Objectives: Establishing a connection between the emerging urogenital tract pathogen Mycoplasma genitalium and upper genital tract infection in women would be of major importance. The aim of this study was to evaluate the association between M genitalium antibodies and pelvic inflammatory disease (PID) and ectopic pregnancy (EP) using a lipid-associated membrane protein-enzyme immunoassay (LAMP-EIA) method.
Methods: The LAMP-EIA was used to analyse sera obtained from patients with clinical PID and EP collected in Sweden between February 1984 and April 1986. Sera from healthy pregnant women (Ctrl) collected during approximately the same period were used as controls. Evidence of chlamydial infection was investigated using a commercial anti-Chlamydia trachomatis EIA assay.
Results: The LAMP-EIA was specific as determined by a lack of cross-reactivity with other Mycoplasma species. The LAMP-EIA showed that 17% (33/193) of the PID patients were M genitalium positive as compared to 18% (15/82) of the EP patients and 15% (36/246) of the Ctrl women. No significant association could be demonstrated between M genitalium antibodies and PID or EP in crude or adjusted logistic regression. Antibodies against C trachomatis were demonstrated in 54% of the PID and 57% of the EP patients, and also in 37% of the Ctrl women, showing a statistically significant association.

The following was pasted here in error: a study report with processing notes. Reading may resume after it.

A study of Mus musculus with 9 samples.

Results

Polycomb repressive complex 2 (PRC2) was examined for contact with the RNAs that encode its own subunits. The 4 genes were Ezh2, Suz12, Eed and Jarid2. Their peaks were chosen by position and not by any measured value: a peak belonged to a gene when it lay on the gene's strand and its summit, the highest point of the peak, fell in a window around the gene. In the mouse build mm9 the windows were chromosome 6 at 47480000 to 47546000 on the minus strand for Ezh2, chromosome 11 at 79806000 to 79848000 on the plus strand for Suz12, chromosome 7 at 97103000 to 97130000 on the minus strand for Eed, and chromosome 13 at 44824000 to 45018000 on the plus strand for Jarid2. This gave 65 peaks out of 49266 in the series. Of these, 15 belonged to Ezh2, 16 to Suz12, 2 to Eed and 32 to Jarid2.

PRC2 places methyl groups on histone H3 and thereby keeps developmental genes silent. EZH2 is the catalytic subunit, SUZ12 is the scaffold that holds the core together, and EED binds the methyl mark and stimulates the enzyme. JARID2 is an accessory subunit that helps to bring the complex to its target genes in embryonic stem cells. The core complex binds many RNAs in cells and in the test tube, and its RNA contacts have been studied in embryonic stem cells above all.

Conclusion: No statistically significant association between PID or EP and M genitalium antibodies could be found using the LAMP-EIA, although a slight tendency toward association was found when focusing on younger individuals.
- CI, confidence interval
- EP, ectopic pregnancy
- LAMP-EIA, lipid-associated membrane protein-enzyme immunoassay
- OR, odds ratio
- PBST, PBS+0.05% Tween 20
- PID, pelvic inflammatory disease
- RT, room temperature
- SD, standard deviation
- mycoplasma genitalium
- pelvic inflammatory disease
- ectopic pregnancy
The study was supported by grants from the Örebro Medical Research Foundation, Örebro University Hospital, Örebro, Sweden.
Competing interests: None.
The ethics committee in Uppsala, Sweden, approved the study.